International Business: CANADA

THE CALL OF THE WILD IN WESTERN CANADA

Edward E. McNally, CEO of Calgary-based Big Rock Brewery Ltd., is fed up with Canadian federalism--and Quebec's separatism. His sentiments are shared by a growing number of executives in Western Canada who see taxes from their resource-rich provinces subsidizing Eastern provinces, especially Quebec, half a continent away. Besides, says McNally, given Quebec's high beer taxes, "it's easier to sell in the U.S. than it is in Quebec." He's so frustrated that if Quebec wants independence from the Canadian federation, he says, they should be told "to get the hell out."

"DANGEROUS." Welcome to Canada's Wild West. Even as an aggrieved Quebec inches ever closer to secession, a Newt Gingrich-style right-wing is building momentum in Western Canada. Championed by the Calgary-based Reform Party, the movement wants to slash federal spending and give provinces control over programs ranging from health care to education. Meanwhile, the party's open hostility to Quebec's longstanding demands for a special role in Canada could give the separatists just the push they need to destroy the confederation. "The Reform Party is playing a very dangerous game," says former Prime Minister Joe Clark.

The timing is risky. On Oct. 30, Quebec voters narrowly defeated a sovereignty referendum. But polls show secessionist sentiment has actually risen since then. Prime Minister Jean Chretien's challenge is to meet enough of Quebec's perennial demands to quell the rising support for sovereignty without permanently alienating increasingly vocal Westerners. But his latest unity plan, offered to Parliament on Nov. 29, has been rejected by both separatists and the Reform Party. Unless Chretien changes his strategy fast, warns Reform Party leader Preston Manning, "he'll lose the next and last contest with the separatists."

Manning says there's a way around the stalemate. Both the West and Quebec agree on one thing--that Canada needs to be radically decentralized. But Chretien has offered provinces more control over just one program: employment training.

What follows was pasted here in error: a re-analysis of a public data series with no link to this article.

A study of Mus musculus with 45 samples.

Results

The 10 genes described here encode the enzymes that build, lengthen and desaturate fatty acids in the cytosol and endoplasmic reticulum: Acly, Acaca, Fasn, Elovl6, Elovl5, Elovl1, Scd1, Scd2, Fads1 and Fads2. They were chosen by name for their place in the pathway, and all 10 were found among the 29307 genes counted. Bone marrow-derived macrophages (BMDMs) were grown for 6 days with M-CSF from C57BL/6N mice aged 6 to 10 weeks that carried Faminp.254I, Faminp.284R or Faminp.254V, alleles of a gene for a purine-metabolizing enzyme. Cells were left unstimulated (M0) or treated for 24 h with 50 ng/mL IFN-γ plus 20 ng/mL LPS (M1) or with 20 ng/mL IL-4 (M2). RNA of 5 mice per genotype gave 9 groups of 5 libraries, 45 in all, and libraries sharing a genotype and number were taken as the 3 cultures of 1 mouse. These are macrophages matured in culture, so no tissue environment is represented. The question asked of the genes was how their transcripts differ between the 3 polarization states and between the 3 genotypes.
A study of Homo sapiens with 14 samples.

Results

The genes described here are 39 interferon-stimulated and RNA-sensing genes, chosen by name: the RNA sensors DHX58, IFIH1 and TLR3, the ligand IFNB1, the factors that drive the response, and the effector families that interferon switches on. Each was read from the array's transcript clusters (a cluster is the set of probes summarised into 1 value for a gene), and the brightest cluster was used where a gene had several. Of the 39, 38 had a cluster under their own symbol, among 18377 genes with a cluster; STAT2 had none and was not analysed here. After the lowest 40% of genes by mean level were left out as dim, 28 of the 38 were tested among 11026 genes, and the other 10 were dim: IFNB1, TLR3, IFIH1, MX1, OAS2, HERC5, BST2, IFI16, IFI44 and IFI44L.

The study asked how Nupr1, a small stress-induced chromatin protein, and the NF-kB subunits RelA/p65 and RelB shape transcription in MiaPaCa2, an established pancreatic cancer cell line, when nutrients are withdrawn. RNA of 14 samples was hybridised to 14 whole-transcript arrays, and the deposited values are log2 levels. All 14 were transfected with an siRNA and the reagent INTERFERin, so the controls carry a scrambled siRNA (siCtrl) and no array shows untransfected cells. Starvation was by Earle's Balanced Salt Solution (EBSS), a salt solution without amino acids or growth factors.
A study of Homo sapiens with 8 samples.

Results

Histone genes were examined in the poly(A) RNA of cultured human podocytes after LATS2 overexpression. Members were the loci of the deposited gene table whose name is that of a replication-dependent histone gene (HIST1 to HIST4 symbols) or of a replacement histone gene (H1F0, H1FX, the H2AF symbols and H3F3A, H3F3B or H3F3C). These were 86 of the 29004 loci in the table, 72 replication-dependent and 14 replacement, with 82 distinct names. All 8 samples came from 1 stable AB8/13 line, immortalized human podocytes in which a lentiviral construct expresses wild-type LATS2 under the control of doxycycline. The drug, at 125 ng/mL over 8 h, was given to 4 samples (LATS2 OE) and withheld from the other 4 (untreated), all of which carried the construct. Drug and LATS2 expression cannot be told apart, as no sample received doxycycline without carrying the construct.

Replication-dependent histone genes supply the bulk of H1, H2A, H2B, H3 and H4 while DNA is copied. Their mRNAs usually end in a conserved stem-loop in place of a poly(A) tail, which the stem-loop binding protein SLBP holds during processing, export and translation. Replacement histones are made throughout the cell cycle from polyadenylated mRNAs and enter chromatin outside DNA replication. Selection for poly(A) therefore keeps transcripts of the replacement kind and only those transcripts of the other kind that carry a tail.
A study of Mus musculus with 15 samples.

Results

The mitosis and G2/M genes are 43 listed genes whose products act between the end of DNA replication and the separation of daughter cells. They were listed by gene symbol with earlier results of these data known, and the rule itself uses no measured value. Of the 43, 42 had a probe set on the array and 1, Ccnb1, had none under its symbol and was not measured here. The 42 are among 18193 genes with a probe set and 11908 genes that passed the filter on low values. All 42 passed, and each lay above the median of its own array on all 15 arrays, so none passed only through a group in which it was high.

Nor has Chretien satisfied Western demands for fiscal austerity. Alberta Premier Ralph Klein is enormously popular after slashing spending 20% as part of a plan to wipe out a $2.6 billion budget deficit by next year. "These steps have absolutely improved the business environment," says Doug Mitchell, president of Calgary's Chamber of Commerce, who notes that Alberta's unemployment rate is just 7.6%, vs. 9.4% in Canada as a whole. Mitchell predicts Klein will soon cut taxes, which he says are already the lowest in Canada.

POTSHOTS. The Reform Party has taken its crusade to Ottawa. It wants Canada's budget balanced in three years and control over many programs passed to the provinces. Already, Alberta has permitted private clinics to offer services with long waiting lists, such as cataract operations. Citing erosion of "national standards," Ottawa retaliated by withholding some of Alberta's health-care funding.

Albertans and British Columbians, upset with Ottawa's meddling, are the backbone of the Reform Party, founded in 1987 by Manning. Under the 53-year-old former management consultant's lead, Reform holds 52 seats out of 295 in the House of Commons--just one shy of official Opposition status.

"Traditional federalism has brought this country to the very brink of disaster," says Manning. Such talk has put the West on a collision course with Chretien's conciliatory approach to Quebec. Chretien's move to recognize the French-speaking province as a distinct society and offer it a veto over constitutional amendments would make Quebec superior to the other provinces, the Reform Party complains.

That may play into the hands of Quebec separatists. But to quench separatist flames, Reform is preparing a tough-minded plan to make it "crystal clear, before another referendum, exactly what the negative implications of secession are," says Manning. His party would challenge Quebec's current boundaries and threaten to veto an independent Quebec's application for membership in the North American Free Trade Agreement.

Despite growing pressure for change from Quebec and Western Canada, Chretien is determined to fight for the status quo, with as few changes as possible. If Ottawa can't put a lid on its debt, it will eventually be forced to proffer a larger role to the provinces. The only question is whether that will happen in time to head off divorce with Quebec or as part of a messy breakup.By William C. Symonds in Calgary, Alta.